Perhaps you keep the geologic eras and periods in your head. Eras beginning 3.8 billion years ago (Archeozoic), up to the present (Cenozoic) and the most recent period, Holocene, in which mankind evolved. Congratulations, particularly should you not have been trained as a geologist and had to learn them by rote.

We're in what has been considered the Holocene Epoch of the Quarternary Period, but now a few scientists have proposed that mankind's activities are actually propelling Earth into a new geological epoch. Imagine.

In a Nature article titled "Geology of Mankind," Paul J. Crutzen and Eugene F. Stoermer have proposed - if not indeed prophesied - that we have entered into the Anthropocene, a human-dominated geological epoch. (Anthro: relating to the existence of human beings on Earth.)

Commenting on the suggestion, Rudy Baum noted in Chemical & Engineering News that "since the start of the Industrial Revolution, Earth has endured change sufficient to leave a global stratigraphic signature distinct from that of the Holocene. ..."

Or, to put it in current shorthand: global heating.

Climate change, scientists Jan Zalasiewicz and Mark Williams say in GSA Today, a journal of The Geological Society of America, is increasing the rate of species' extinction dramatically, so much so that the  "rate of biotic change may produce a major extinction event analogous to those that took place at the K-T boundary and elsewhere in the stratigraphic column."

Whoop-de-do.

Say, you know what? Human beings may be the first animal species to not only make itself extinct but also accomplish that with full knowledge.

Maybe, should there be anyone left, evolution will produce a being more advanced than homo erectus. Not worth the gamble.

I believe that's enough fun stuff for now. On to the Bird Droppings portion of the column.

Field Notes: This morning the catkins on my aspens were glittering in the early sun, covered with another inch of snow. Pretty and all that, but enuf already; it's into May. Lots of spring needs to get done. Birds to migrate and nest, bison puppies to get born, wildflowers to bloom, leaves to burst forth, anticipation of summer.

Of course, that's all happening, despite a cool, albeit dry April/May so far. Swallows appear, then retreat, whenever an insect hatch erupts. Floyd Cooley's tree swallows looked for last year's nest boxes, compelling retrieval of the boxes from iced-in storage. (Swallows have come and gone three times locally.) Debra Patla in Buffalo Valley, welcomed chipping and song sparrows to her menagerie of bird life on May 4.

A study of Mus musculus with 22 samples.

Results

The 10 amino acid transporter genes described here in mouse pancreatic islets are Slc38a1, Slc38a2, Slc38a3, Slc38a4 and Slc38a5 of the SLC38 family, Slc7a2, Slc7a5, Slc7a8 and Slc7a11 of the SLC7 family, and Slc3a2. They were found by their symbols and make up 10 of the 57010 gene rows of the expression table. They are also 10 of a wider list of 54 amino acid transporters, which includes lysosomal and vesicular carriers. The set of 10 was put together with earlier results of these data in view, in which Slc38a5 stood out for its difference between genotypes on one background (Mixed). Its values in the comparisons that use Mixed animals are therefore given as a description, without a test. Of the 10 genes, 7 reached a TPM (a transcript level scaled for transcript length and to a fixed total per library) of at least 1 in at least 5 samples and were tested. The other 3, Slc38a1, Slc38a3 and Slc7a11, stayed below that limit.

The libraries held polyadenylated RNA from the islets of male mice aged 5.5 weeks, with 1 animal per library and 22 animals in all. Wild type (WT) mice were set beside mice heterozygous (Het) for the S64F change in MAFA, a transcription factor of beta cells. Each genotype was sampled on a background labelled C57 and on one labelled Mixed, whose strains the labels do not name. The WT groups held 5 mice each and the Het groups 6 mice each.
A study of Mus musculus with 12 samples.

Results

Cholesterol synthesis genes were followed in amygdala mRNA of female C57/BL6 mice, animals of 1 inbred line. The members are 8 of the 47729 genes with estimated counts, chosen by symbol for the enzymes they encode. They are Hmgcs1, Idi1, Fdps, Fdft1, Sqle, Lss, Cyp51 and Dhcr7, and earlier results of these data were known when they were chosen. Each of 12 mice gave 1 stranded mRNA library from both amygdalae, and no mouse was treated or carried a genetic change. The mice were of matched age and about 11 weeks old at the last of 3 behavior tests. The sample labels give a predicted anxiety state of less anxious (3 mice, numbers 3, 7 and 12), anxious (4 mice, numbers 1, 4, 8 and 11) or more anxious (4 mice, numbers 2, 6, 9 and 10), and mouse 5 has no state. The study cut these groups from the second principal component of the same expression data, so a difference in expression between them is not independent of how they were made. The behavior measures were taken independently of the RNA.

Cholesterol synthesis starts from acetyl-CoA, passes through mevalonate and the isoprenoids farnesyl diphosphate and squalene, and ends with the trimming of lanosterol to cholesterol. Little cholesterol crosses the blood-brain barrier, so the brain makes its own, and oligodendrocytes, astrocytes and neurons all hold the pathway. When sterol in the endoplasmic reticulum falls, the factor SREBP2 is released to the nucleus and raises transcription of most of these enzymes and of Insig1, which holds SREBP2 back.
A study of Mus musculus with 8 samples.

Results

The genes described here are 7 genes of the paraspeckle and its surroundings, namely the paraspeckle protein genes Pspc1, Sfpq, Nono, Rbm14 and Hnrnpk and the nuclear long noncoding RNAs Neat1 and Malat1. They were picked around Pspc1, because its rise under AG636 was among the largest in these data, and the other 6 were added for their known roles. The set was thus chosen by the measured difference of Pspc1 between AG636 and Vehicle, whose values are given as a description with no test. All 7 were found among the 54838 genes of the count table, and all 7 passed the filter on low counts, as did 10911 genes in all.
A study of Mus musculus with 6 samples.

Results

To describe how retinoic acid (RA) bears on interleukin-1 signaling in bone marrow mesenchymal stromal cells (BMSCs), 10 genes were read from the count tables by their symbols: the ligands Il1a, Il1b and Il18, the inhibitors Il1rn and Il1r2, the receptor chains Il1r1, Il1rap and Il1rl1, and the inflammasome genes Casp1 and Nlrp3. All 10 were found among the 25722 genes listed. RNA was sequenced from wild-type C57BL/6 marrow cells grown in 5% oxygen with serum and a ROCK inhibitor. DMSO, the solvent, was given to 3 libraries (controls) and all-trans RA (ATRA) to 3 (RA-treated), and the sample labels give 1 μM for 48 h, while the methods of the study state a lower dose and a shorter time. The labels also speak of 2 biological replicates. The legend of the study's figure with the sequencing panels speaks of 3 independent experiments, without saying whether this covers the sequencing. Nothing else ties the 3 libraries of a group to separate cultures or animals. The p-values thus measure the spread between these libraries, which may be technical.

A great egret was at the Alpine Wetlands of the Palisades Reservoir on May 5, and a snowy egret was there on May 6, according to Susan Patla.

By and large, all the expected waterfowl in this region have arrived and are busy about courting and nesting. Shorebirds a bit slow, but white-faced ibis have made brief appearances (Anna Goudet, Mary Lohuis, Susan Patla) and two black-necked stilts were in South Park on Friday (Alice Richter, Phyllis and Joe Greene).

David Stokes reported a spotted (rufous-sided) towhee on the west bank on May 7. David and Joanne Stokes are relocating, and Jackson Hole shall certainly miss them.

On Friday, ahead of a little weather change, a Bullock's oriole was welcomed back by Diane Hazen, and a black-headed grosbeak was at Loy Kiefling's and at Dick Hobbins'. On May 7, Lewis woodpeckers surprised me and Mary Lohuis in Skyline Ranch.

Susan Marsh noted this showy woodpecker at Camp Creek.

Evening grosbeaks may have begun to return; Jen Hoffman and Ron Gessler; Saturday.

Judy Herman truly enjoys wildflower spotting and has found lots, including spring beauties, fritillaries, steershead, shooting stars and sage buttercup. Deb Patla noticed a green butterfly, a Sheridan's hairstreak, in the sagebrush on May 4.

A grizzly sow and her grown triplets have been almost a fixture at the Oxbow in Grand Teton National Park. The bears have behaved. Not every human has. The bears could suffer. Offending humans ought to know better than a bear does. ...

On Sunday, the Spring Migratory Bird Count was conducted under the auspices of Grand Teton National Park. Weather is promising as I write. No results available yet, in view of my deadline. However, Susan Patla will be conducting another International Migratory Bird Day walk on May 24 in the Wyoming Game and Fish Department Jackson South Park Feedground. Call Susan at 732-2321.

Volunteer help would be appreciated in keeping record of the nesting behavior and success of birds occupying mountain bluebird boxes along the western National Elk Refuge fence north of Jackson. Not onerous or time-consuming. Instructive, actually. Call Phyllis Green at 734-8009.

© Bert Raynes 2008

---------------------------------------

Bert Raynes writes weekly on whatever suits his fancy with a dash of news on nature and its many ways.

Recommended for you

(0) comments

Welcome to the discussion.

Please note: Online comments may also run in our print publications.
Keep it clean. Please avoid obscene, vulgar, lewd, racist or sexually-oriented language.
Please turn off your CAPS LOCK.
No personal attacks. Discuss issues & opinions rather than denigrating someone with an opposing view.
No political attacks. Refrain from using negative slang when identifying political parties.
Be truthful. Don’t knowingly lie about anyone or anything.
Be proactive. Use the “Report” link on each comment to let us know of abusive posts.
Share with us. We’d love to hear eyewitness accounts or history behind an article.
Use your real name: Anonymous commenting is not allowed.
.
The News&Guide welcomes comments from our paid subscribers. Tell us what you think. Thanks for engaging in the conversation!

Thank you for reading!

Please log in, or sign up for a new account and purchase a subscription to read or post comments.